Ben Walker: Picture Box
Life in early colours
Jack House Gallery 16th May- 20th June
It takes a moment or two to pinpoint one’s reaction to the paintings of Ben Walker. Is our discomfort because the images seem borrowed unbidden, jackdawed from something familiar, as if stolen from a personal memory? Or is the unease actually a sensation of pleasure, at a snapshot of a fleeting past, captured and preserved in a precise moment of innocence that had been forgotten until now, suddenly released like a bird or seed-head? It all makes sense when the artist explains how his pictures happen. “I use photos and other ‘found’ source materials such as old children’s book illustrations for my paintings. Over the last year or so I have become interested in making representations of childhood rooted in the past, often 1970s and 80s,” he says. “It has to be a scene or composition I feel I can translate into paint and I think the act of translating the image means it becomes mine. It’s impossible to say how I choose some images over others. I like simple compositions and I try to show a lot with very little,” often leaving out something substantial from the original, “so the painted image is a simplified condensed version.”
He is an ardent collector, as much as he can afford to be. “It’s mostly small scale paintings, quite traditional landscapes, also some pictures of children. I have some lovely watercolour sketches of English landscapes from the 1950s that are simple but quite delicate and some items associated with WW2 like photo albums.” Music is very important too. “I think Joy Division, the Cure and the Durutti Column all have this grey English/British atmosphere and this is very important to me.” It is his collection of Joy Division memorabilia that he is most proud of. “I have lots of records, bootlegs, rare books and fanzines, photos, a setlist.. prices can be very high but when you start collecting it can take hold of you. Searching for and finding things is a good buzz but you have to be so careful financially!”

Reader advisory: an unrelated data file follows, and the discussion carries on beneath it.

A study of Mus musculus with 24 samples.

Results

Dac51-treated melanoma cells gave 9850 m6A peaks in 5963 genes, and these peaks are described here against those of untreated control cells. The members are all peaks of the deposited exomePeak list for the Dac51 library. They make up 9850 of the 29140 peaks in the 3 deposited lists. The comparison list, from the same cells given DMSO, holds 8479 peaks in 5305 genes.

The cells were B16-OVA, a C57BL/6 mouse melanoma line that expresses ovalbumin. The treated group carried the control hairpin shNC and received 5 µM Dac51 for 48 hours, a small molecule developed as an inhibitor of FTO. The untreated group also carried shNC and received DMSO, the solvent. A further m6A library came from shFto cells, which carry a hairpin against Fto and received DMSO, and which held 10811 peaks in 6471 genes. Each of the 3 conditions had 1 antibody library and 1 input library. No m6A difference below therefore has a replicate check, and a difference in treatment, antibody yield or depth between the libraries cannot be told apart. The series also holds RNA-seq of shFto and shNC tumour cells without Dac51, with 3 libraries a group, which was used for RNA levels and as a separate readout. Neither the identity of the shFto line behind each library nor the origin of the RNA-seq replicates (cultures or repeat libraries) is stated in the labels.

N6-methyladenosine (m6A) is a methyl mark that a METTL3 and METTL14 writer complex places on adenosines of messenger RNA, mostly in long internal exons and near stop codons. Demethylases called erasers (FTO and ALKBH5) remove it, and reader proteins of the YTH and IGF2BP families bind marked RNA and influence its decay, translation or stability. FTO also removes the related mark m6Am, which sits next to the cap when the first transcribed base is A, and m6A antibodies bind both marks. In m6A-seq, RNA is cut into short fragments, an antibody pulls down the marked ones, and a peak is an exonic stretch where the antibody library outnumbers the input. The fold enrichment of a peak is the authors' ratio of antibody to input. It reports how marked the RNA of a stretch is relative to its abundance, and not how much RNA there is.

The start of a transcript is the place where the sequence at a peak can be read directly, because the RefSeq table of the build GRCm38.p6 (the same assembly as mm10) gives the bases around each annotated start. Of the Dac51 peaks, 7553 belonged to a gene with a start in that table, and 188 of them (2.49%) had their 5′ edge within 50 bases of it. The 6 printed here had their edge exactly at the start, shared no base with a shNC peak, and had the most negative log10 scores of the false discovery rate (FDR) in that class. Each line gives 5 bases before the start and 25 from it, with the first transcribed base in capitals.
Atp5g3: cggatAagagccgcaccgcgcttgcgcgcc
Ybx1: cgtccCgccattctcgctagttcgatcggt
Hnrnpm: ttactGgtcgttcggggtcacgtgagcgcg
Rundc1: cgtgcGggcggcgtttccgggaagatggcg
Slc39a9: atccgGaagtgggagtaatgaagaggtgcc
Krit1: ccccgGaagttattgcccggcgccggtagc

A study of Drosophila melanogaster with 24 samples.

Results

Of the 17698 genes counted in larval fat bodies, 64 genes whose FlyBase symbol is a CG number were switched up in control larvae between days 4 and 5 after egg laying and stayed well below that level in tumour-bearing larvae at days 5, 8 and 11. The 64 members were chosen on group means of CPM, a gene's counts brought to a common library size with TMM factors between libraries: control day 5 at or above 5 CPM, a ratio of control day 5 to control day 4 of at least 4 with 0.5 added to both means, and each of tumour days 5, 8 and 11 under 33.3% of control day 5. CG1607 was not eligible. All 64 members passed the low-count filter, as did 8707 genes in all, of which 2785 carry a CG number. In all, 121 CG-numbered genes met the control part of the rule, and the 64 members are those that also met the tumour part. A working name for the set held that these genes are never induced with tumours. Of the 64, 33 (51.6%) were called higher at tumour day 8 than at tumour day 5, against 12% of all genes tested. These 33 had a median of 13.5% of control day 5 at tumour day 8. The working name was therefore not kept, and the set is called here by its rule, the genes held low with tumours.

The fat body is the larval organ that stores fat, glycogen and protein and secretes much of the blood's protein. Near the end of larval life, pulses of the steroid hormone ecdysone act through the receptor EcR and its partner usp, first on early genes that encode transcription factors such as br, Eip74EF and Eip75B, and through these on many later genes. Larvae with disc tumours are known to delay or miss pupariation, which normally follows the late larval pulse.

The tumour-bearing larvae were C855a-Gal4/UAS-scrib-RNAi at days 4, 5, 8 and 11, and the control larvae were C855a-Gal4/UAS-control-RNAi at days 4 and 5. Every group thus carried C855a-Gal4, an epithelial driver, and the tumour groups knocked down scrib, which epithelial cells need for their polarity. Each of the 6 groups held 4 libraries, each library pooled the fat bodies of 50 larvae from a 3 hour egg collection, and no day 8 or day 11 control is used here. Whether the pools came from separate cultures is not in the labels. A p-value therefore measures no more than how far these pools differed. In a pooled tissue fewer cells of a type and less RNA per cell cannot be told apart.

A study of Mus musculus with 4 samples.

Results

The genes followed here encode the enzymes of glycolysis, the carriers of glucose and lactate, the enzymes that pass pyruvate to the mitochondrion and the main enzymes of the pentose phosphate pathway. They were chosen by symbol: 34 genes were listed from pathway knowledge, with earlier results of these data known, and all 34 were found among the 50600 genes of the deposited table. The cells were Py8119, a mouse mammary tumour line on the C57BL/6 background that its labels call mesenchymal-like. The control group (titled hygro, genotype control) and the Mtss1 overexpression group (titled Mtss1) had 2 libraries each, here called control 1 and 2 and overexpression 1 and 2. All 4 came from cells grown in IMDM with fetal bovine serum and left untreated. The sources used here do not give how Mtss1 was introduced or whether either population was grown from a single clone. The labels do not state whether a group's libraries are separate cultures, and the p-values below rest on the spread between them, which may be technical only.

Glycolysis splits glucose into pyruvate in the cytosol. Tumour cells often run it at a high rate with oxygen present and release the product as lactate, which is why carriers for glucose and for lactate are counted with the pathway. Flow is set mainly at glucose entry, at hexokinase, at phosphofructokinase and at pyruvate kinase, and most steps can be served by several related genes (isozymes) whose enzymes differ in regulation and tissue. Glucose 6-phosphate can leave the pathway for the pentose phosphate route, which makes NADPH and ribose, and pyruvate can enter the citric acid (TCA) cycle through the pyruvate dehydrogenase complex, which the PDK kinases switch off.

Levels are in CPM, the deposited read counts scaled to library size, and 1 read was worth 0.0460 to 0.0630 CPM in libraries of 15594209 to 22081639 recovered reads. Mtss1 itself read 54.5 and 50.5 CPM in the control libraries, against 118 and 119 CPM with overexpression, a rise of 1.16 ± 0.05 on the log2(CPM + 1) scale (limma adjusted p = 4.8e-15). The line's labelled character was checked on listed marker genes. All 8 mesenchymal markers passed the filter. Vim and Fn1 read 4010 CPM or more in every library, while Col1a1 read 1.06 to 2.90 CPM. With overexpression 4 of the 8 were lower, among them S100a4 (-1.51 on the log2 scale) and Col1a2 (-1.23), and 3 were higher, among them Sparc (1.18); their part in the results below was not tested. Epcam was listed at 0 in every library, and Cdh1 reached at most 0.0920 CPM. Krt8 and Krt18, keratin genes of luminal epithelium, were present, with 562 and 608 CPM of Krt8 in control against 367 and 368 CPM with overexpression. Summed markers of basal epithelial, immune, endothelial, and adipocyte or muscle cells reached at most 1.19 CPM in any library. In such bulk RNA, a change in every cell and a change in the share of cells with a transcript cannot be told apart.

In complete contrast to the airy expectant voids in his paintings, Walker has a job in overcrowded supported housing for homeless men. “I would say I mostly enjoy it, although working with this client group can be difficult as they have a lot of problems and can be quite antisocial. I try to keep it as a separate part of my life.” With a considerable background of study, exhibition and creativity in London, he decided to forsake city life and now paints at home in the scrubby open-skied reaches of Erith where he can be close to his girlfriend and his cats, and concentrate. “I am very careful about colour, I love the combination of shades of grey, with some areas of richer deeper colours, of placing them until things fit. I work on loads of paintings at same time, building up thin layers, I alter them, scrub things out, change my mind. Sometimes I have to live with a picture for awhile before I can decide whether it is finished.”
Growing up in what the Jack Goldhill prize winner describes as a “very suburban small town/village,” he had many friends and by his own happy submission, a great childhood. “We did go out in the countryside a lot back then, that’s probably why I like to paint outdoor scenes.” As a child he loved nature and he has finally returned to it. “It’s what I like to look at and think about and remember.”
Ben Walker maintains he doesn’t begin his pictures with a story, that at first it is more about depicting or expressing a mood. “Often it’s only when they are complete that I begin to think stories could be read into them.” That’s where we come in. It is now our turn to tell those stories at Jack House Gallery.